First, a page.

Study: Guys Say Physical Harm Hurts Less When Inflicted By Women Instead Of Men

This is according to a study by Lund University in Sweden.


In research conducted by Lund University in Sweden, experiments have shown that males seem to require more pain stimulation to reach a set threshold if the scientist administering the discomfort is female.

Separately, men recovering from surgery claimed they felt less pain when they were questioned by female attendants.

The research was done in an effort to better understand nociceptive pain, which is the most common physical type of pain resulting from damage to tissues in the body, often caused by an external injury.

Such pain is transmitted by two different types of nerve fibres that transmit signals to the brain at different speeds and can be experienced when we injure ourselves or undergo surgical procedures.

Image via Mindful Defense

PhD candidate Anna Sellgren Engskov, who was behind the research, conducted distinct experiments where healthy volunteers were made to experience nociceptive pain

In one experiment, participants were made to feel pain via brief laser stimulations on their feet. This experiment yielded some surprising results regarding pain perceptions among different genders — adult male participants reported needing stronger laser stimulations to reach a predetermined pain threshold when the scientist conducting the experiment was female.

In a separate experiment, the same outcome was observed when participants inflicted pain upon themselves using a button wired to an electric shocking device. Whenever the scientist overseeing a session was female, participants (both male and female) required more stimulation to feel the same amount of pain.

All this transpired despite the scientists' best efforts to remain neutral and stick to a formulated script.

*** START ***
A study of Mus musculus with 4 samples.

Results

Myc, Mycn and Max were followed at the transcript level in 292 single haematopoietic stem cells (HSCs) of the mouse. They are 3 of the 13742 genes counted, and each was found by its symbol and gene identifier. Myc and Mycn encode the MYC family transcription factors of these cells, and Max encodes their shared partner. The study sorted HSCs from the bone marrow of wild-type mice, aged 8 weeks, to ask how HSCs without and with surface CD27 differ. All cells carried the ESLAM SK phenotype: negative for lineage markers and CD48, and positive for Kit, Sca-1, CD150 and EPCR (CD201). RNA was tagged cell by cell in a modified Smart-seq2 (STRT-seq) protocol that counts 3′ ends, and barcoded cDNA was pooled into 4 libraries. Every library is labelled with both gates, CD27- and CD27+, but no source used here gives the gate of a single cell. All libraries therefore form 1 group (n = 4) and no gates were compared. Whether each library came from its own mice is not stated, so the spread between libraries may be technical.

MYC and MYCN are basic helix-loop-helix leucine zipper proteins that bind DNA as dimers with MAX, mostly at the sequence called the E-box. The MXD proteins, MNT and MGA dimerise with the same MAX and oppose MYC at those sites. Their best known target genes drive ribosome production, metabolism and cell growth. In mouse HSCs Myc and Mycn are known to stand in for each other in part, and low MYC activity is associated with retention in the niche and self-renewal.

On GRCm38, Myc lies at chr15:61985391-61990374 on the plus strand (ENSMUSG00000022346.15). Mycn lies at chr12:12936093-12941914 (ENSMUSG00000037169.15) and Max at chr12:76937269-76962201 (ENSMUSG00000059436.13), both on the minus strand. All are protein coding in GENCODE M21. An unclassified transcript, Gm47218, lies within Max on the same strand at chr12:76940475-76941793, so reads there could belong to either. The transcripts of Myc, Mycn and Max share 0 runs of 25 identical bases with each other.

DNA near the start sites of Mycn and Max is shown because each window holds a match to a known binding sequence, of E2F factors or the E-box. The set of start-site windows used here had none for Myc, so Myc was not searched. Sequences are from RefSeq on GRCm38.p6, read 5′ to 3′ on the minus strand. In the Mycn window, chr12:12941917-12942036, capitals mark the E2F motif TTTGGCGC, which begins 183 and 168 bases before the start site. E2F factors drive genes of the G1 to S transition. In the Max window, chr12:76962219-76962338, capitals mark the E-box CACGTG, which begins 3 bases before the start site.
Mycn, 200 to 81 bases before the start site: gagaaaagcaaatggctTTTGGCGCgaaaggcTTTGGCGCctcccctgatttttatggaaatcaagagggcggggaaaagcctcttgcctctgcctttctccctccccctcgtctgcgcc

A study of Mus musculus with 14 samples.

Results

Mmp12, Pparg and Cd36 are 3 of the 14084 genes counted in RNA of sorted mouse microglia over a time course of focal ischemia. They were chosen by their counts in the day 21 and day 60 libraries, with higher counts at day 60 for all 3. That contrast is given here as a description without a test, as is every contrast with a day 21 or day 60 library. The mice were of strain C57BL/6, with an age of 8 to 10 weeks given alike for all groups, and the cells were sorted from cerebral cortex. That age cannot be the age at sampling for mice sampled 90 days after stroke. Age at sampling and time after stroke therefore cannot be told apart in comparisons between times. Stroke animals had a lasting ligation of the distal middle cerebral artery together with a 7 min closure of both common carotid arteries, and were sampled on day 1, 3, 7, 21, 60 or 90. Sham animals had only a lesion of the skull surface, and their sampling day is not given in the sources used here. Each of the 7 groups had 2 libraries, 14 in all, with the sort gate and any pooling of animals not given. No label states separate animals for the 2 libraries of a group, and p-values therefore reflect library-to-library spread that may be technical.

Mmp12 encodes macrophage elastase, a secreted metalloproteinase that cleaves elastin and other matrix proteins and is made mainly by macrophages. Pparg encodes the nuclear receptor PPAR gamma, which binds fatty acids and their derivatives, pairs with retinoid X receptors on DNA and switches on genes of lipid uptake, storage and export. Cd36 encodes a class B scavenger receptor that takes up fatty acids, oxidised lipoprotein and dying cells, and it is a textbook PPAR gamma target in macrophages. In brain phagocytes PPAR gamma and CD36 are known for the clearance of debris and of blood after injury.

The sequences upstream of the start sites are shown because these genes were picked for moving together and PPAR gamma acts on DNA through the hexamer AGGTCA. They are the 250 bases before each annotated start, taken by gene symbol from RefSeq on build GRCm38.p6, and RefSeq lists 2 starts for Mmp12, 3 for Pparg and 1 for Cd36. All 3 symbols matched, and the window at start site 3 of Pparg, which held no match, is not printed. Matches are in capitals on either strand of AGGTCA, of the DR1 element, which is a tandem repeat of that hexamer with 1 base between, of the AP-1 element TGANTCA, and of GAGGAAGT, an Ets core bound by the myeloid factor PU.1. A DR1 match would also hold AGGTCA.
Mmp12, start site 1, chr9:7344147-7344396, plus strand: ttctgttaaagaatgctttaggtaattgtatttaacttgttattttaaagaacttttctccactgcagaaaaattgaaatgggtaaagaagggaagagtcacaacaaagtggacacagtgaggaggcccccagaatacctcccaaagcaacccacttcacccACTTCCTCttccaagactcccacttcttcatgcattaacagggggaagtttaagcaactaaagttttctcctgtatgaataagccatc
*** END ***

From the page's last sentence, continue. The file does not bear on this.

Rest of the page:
Surprised by these two experiments, Engskov pivoted her third experiment to focus on a different aspect of pain perception

In a study of 245 post-surgery patients at a hospital in Malmö, all participants were quizzed about the amount of pain they felt by a mixed set of male and female examiners. These sessions were conducted in random order with 15-minute gaps between each one.

Again, the results showed a similar pattern — males tended to reveal less pain when queried by female examiners.

"We were able to partially confirm our previous results here as well. Men, but not women, were in less pain when asked by a woman," Engskov said.

"The differences were not that great, and probably have no significance at group level. But for the individual patient it can matter, especially given that the differences in pain were greatest when it hurt so much that the patients started asking for pain relief," she added.

In the end, these results, while eye-opening, offered no conclusive takeaways

Despite an observable pattern, the research team was only able to speculate as to why men felt less pain when harmed or queried by women. One possible reason put forth was that women might have larger capacities for empathy compared to males, which might affect how much pain is felt.

For example, greater eye contact or wider smiles could very well be factors that determine how much pain is felt, and there have even been studies that provide a basis for these assumptions.

Ultimately, such findings could still be useful in helping medical practitioners provide better care for patients dealing with pain

"Perhaps the most exciting thing about Anna's research project is that her own discoveries in connection with the first study — less pain with a female researcher — inspired her to want to investigate this more closely," said Professor Jonas Åkeson, a supervisor for the project.

"Including the gender perspective when pain is evaluated can hopefully contribute to patients receiving even better care and pain treatment in the future," he added.

While the results of the experiments might play into to the phrase "you hit like a girl" in a weird, non-sexist sort of way, females might conversely take pride in the fact that their words might be scientifically proven to simply be more conducive to recuperation.